The fact that he doesn’t try to redeem these flawed, fascinating figures—or even try to make you like them in the slightest way—feels like an…
"Atonement" begins on joyous gossamer wings, and descends into an abyss of tragedy and loss. Its opening scenes in an English country house between the wars are like a dream of elegance, and then a 13-year-old girl sees something she misunderstands, tells a lie and destroys all possibility of happiness in three lives, including her own.
The movie's opening act is like a breathless celebration of pure heedless joy, a demonstration of the theory that the pinnacle of human happiness was reached by life in an English country house between the wars. Of course that was more true of those upstairs than downstairs. We meet Cecilia Tallis (Keira Knightley), the bold, older daughter of an old family, and Robbie Turner (James McAvoy), their housekeeper's promising son, who is an Oxford graduate, thanks to the generosity of Cecilia's father. Despite their difference in social class, they are powerfully attracted to each other, and that leads to a charged erotic episode next to a fountain on the house lawn.
This meeting is seen from an upstairs window by Cecilia's younger sister Briony (Saoirse Ronan), who thinks she sees Robbie mistreating her sister in his idea of rude sex play. We see the same scene later from Robbie and Cecilia's point of view, and realize it involves their first expression of mutual love. But Briony does not understand, has a crush on Robbie herself, and as she reads an intercepted letter and interrupts a private tryst, her resentment grows until she tells the lie that will send Robbie out of Cecilia's reach.
Oh, but the earlier scenes have floated effortlessly. Cecilia, as played by Knightley with stunning style, speaks rapidly in that upper-class accent that sounds like performance art. When I hear it, I despair that we Americans will ever approach such style with our words, which march out like baked potatoes. She is so beautiful, so graceful, so young, and Robbie may be working as a groundsman but is true blue, intelligent and in love with her. They deserve each other.
But that is not to be, as you know if you have read the Ian McEwan best seller that the movie is inspired so faithfully by. McEwan, one of the best novelists alive, allows the results of Briony's vindictive behavior to grow offstage until we meet the principals again in the early days of the war. Robbie has enlisted and been posted to France. Cecilia is a nurse in London, and so is Briony, now 18, trying to atone for what she realizes was a tragic error. There is a meeting of the three, only once, in London, that demonstrates to them what they have all lost.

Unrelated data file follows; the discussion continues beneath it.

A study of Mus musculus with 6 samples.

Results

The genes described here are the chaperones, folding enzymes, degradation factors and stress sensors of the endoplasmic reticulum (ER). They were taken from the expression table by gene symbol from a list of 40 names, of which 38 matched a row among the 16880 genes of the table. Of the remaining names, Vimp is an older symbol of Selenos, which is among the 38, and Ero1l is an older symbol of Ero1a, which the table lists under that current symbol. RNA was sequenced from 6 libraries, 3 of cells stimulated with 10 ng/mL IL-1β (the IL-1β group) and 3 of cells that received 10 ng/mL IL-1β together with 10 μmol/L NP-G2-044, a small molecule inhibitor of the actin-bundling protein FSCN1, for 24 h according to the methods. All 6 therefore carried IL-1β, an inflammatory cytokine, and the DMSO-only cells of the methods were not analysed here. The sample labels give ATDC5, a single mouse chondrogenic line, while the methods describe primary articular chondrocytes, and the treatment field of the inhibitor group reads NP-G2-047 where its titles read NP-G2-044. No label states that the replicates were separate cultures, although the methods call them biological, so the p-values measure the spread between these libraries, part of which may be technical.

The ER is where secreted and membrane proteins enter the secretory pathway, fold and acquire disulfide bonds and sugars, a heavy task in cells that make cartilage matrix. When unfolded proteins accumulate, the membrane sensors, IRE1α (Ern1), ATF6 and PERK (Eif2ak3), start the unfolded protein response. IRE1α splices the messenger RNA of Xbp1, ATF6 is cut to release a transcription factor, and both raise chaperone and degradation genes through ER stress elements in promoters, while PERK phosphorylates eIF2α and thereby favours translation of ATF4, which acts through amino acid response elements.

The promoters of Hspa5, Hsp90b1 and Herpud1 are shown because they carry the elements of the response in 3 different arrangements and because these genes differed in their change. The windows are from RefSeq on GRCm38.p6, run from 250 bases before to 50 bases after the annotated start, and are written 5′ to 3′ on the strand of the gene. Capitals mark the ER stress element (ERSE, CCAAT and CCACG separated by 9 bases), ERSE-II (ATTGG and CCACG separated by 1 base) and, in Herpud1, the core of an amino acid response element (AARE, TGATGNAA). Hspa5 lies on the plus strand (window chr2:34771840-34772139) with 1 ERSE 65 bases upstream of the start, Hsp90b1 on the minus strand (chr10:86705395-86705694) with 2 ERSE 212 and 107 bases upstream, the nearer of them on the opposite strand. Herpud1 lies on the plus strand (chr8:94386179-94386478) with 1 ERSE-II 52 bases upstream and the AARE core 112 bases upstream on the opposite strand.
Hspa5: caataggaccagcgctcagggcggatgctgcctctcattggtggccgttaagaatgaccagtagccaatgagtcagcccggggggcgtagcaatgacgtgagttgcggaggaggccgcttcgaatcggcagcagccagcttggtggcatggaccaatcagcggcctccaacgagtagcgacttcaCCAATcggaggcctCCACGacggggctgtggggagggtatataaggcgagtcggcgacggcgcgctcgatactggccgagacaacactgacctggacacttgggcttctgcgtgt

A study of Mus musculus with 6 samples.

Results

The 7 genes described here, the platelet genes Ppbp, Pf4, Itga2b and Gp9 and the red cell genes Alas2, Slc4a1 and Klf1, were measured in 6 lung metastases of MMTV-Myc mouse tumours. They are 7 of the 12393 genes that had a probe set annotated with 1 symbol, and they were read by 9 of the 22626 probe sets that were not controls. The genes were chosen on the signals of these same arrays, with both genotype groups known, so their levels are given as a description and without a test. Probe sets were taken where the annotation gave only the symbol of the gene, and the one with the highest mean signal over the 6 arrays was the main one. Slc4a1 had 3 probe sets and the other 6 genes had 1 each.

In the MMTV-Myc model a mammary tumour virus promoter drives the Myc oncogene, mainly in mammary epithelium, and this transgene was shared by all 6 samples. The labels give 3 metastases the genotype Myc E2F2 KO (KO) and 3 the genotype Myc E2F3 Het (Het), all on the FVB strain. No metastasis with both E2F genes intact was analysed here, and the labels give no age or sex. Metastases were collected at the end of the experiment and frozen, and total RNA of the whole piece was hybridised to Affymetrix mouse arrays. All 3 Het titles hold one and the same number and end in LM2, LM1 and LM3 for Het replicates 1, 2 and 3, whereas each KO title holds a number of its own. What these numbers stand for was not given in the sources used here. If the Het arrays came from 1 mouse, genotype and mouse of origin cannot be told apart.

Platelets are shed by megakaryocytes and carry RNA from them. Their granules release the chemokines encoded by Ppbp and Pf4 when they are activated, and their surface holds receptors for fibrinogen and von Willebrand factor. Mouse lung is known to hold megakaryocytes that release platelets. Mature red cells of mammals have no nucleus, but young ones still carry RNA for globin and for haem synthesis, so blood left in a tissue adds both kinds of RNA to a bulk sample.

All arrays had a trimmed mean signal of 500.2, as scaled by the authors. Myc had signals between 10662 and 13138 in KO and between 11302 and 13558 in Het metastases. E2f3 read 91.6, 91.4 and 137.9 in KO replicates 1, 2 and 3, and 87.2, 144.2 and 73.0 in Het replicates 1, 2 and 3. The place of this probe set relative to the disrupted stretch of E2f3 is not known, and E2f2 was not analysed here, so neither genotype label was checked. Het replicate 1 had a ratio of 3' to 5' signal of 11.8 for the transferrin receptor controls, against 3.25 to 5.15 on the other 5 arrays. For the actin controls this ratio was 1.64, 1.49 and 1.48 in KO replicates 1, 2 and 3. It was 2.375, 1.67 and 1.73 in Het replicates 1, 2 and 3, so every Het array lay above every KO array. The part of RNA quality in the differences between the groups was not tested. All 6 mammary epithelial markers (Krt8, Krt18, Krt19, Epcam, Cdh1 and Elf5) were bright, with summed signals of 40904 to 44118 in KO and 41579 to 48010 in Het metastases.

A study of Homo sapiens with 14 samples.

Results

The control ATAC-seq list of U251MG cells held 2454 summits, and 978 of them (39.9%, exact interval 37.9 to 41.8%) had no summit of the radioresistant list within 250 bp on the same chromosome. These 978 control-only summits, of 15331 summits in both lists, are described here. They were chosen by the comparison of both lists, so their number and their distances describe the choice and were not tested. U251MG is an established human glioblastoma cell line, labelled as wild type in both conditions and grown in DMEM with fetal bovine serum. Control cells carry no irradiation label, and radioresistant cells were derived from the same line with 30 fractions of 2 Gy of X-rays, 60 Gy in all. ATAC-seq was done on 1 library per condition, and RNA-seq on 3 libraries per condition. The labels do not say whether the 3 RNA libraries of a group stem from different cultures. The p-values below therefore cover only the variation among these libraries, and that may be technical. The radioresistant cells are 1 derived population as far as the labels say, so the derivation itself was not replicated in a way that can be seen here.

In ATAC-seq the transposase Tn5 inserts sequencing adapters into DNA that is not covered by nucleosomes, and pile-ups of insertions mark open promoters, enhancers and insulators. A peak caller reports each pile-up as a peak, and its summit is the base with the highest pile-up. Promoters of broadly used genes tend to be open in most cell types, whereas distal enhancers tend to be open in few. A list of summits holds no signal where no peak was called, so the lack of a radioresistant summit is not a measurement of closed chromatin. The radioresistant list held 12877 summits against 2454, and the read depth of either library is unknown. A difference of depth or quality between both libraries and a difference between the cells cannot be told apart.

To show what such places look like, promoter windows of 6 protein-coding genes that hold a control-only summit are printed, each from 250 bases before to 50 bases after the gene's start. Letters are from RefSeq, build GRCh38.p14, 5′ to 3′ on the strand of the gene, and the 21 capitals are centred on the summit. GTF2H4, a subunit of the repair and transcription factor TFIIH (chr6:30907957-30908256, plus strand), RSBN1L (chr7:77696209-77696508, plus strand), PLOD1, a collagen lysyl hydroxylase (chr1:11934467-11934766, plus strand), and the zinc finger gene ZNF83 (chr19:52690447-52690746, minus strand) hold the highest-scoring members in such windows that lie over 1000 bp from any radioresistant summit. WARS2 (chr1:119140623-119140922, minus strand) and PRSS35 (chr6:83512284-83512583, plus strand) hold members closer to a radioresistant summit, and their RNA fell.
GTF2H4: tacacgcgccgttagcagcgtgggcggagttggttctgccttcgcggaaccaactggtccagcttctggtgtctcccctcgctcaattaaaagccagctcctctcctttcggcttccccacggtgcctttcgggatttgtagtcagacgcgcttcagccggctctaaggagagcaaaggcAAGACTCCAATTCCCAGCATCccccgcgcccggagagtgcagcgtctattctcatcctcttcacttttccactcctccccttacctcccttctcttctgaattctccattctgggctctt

The film cuts back and forth between the war in France and the bombing of London, and there is a single (apparently) unbroken shot of the beach at Dunkirk that is one of the great takes in film history, achieved or augmented with CGI though it is. (If it looks real, in movie logic, it is real.) After an agonizing trek from behind enemy lines, Robbie is among the troops waiting to be evacuated, in a Dunkirk much more of a bloody mess than legend would have us believe. In the months before, the lovers have written, promising each other the happiness they have earned.
Each period and scene in the movie is compelling on its own terms, and then compelling on a deeper level as a playing out of the destiny that was sealed beside the fountain on that perfect summer's day. It is only at the end of the film, when Briony, now an aged novelist played by Vanessa Redgrave, reveals facts about the story that we realize how thoroughly, how stupidly, she has continued for a lifetime to betray Cecilia, Robbie and herself.
The structure of the McEwan novel and this film directed by Joe Wright is relentless. How many films have we seen that fascinate in every moment and then, in the last moments, pose a question about all that has gone before, one that forces us to think deeply about what betrayal and atonement might really entail?
Wright, who also directed Knightley in his first film, "Pride and Prejudice," (2005) shows a mastery of nuance and epic, sometimes in adjacent scenes. In the McEwan novel, he has a story that can hardly fail him and an ending that blindsides us with its implications. This is one of the year's best films, a certain best picture nominee.